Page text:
BRUSSELS (Reuters) – Greece’s new government was isolated at its first meeting with senior eurozone officials but will have a chance to put forward its plans at a special meeting of finance ministers of the currency bloc next week, EU officials said on Friday.
Eurogroup finance ministers will discuss how to proceed with financial support for Athens at a special session next Wednesday in preparation for talks among European Union leaders on the issue the following day.
The meeting, to start at 1630 GMT in Brussels, will be a chance for the leftist-led government elected on Jan 25 to explain how it wants to reform its economy and consolidate public finances while respecting commitments that previous Greek governments accepted.
Eurozone officials made no progress at a preparatory meeting on Thursday evening because the positions of Athens and other eurozone countries were so far apart.
“It was Greece against all others, basically one versus 18,” one official said, describing the discussions.
The new government is dominated by the hard-left Syriza party which campaigned on a platform of demanding a partial debt write-off, putting an end to austerity measures and reversing some of the reforms of last four years.
The Greek representative at the meeting was George Chouliarakis, who had hitherto been teaching economics at England’s Manchester University. He has been drafted in as an economic adviser by the Tsipras government.
Prime Minister Alexis Tsipras and his ministers promised in their first days in office to raise the minimum wage, re-hire some sacked government employees and stop some privatisations.
This clashed with the commitments made by previous governments to the International Monetary Fund and eurozone countries, which have lent Athens a total of 240 billion euros.
The position of eurozone countries is more in line with that of Germany, which spelled out in a paper prepared for the meeting that it did not agree to any rolling back of reforms or commitments made by previous Greek governments.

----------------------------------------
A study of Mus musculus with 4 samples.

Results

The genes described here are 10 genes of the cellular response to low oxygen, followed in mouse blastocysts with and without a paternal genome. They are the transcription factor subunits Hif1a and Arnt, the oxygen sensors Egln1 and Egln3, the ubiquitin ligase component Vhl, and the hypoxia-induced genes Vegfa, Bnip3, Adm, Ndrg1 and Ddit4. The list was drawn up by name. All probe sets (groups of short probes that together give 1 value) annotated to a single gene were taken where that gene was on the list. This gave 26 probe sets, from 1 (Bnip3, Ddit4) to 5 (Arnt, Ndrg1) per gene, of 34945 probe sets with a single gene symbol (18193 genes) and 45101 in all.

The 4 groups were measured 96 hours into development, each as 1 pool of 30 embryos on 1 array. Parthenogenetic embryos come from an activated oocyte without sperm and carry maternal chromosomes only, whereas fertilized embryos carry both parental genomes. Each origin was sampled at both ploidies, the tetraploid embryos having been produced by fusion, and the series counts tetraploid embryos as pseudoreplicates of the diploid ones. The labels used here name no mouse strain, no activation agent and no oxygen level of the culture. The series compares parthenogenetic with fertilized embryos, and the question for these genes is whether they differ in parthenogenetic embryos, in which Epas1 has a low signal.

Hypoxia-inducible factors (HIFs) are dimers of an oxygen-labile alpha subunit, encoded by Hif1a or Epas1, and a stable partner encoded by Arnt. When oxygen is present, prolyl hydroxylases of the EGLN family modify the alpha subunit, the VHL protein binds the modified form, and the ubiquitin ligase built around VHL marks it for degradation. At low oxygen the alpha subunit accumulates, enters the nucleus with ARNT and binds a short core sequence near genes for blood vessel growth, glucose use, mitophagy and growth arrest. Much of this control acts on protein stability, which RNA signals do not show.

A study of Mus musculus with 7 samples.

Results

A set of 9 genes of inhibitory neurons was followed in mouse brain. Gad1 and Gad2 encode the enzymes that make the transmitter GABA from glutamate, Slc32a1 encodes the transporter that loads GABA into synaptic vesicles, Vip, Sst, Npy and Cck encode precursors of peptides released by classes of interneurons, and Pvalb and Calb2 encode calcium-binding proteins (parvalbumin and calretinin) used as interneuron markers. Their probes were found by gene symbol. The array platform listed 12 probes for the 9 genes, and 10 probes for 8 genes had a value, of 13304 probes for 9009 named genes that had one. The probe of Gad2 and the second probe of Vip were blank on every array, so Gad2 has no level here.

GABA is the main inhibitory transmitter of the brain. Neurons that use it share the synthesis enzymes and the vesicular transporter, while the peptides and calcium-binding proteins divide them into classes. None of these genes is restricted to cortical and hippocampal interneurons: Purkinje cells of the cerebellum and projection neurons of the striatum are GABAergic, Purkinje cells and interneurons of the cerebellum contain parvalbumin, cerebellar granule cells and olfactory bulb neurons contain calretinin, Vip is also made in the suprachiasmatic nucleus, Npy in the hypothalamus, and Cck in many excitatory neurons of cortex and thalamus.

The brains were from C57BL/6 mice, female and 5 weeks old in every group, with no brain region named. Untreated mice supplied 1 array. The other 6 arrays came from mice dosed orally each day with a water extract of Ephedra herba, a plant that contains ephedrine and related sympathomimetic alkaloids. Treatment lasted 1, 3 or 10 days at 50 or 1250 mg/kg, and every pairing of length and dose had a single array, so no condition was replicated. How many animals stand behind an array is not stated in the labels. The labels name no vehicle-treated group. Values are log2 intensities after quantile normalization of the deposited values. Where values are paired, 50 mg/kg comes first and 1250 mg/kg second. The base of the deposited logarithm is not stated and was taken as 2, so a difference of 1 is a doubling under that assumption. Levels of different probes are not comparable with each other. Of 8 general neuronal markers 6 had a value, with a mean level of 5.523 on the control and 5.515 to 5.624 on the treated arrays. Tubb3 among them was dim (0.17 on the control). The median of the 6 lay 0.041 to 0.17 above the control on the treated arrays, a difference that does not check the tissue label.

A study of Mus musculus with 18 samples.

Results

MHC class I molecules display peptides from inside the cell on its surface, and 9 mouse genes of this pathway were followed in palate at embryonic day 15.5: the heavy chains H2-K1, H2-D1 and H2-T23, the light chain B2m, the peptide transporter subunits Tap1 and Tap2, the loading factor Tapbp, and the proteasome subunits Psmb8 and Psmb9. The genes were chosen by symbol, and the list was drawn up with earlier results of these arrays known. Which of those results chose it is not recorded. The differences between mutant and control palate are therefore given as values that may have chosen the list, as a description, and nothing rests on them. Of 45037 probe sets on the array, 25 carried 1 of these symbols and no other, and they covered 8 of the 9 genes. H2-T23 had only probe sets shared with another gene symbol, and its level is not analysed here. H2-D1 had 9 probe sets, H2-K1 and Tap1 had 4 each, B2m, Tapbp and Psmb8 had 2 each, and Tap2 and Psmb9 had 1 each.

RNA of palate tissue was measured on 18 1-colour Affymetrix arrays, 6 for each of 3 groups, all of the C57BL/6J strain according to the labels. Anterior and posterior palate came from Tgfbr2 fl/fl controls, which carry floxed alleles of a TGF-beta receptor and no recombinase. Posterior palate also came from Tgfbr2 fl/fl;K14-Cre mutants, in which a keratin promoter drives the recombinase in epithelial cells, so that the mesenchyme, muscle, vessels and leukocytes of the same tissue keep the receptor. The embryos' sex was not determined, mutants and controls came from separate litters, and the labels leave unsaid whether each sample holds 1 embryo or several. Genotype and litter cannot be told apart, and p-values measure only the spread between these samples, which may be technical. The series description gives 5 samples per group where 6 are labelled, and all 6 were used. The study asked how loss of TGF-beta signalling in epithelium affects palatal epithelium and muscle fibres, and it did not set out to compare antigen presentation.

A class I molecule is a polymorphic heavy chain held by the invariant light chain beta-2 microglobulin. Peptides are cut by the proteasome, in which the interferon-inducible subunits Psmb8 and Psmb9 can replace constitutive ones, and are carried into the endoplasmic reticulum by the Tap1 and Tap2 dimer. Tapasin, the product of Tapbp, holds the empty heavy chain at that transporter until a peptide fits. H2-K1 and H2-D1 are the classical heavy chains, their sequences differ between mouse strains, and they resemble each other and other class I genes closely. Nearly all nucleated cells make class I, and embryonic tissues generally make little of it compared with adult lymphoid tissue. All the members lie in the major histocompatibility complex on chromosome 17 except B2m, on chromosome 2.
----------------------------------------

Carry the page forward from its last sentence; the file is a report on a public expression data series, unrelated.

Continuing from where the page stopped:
“There were no conclusions after the talks last night. It is up to the Greek government to tell us what they want to do,” one eurozone official said.
Greece is free to design its own reforms in line with Syriza’s campaign promises, as long as the end result is in line with commitments to stronger public finances, debt repayment and reforms, the official said.
“The overall policy mix may reflect the priorities of Syriza. But it has to make sense financially,” a second official said.
Time to reach a deal is short, because Greek banks will no longer be eligible to use Greek government bonds as collateral in daily refinancing operations with the European Central Bank from Feb 11.
After that, they will have to rely on emergency liquidity assistance from the Greek central bank, which is more costly and can be stopped by the ECB if there are no prospects for a deal between the eurozone and Greece.
Moreover, some analysts say Greece could run out of cash as early as March if it does not get further eurozone help.
“Greece’s financing needs over the next five years may amount to 30-35 billion euros,” Unicredit bank said in a research note.
“However, if we set the primary surplus at 1-1.5 per cent of GDP and assume that privatisations will stop, as requested by the Greek government, overall financing needs would rise to 60 billion euros,” Unicredit said.
“In any case, a very quick fix is needed because in 2015 there will be a peak in both redemptions and financing needs. Without external support, Greece could run out of cash as soon as March,” the bank said.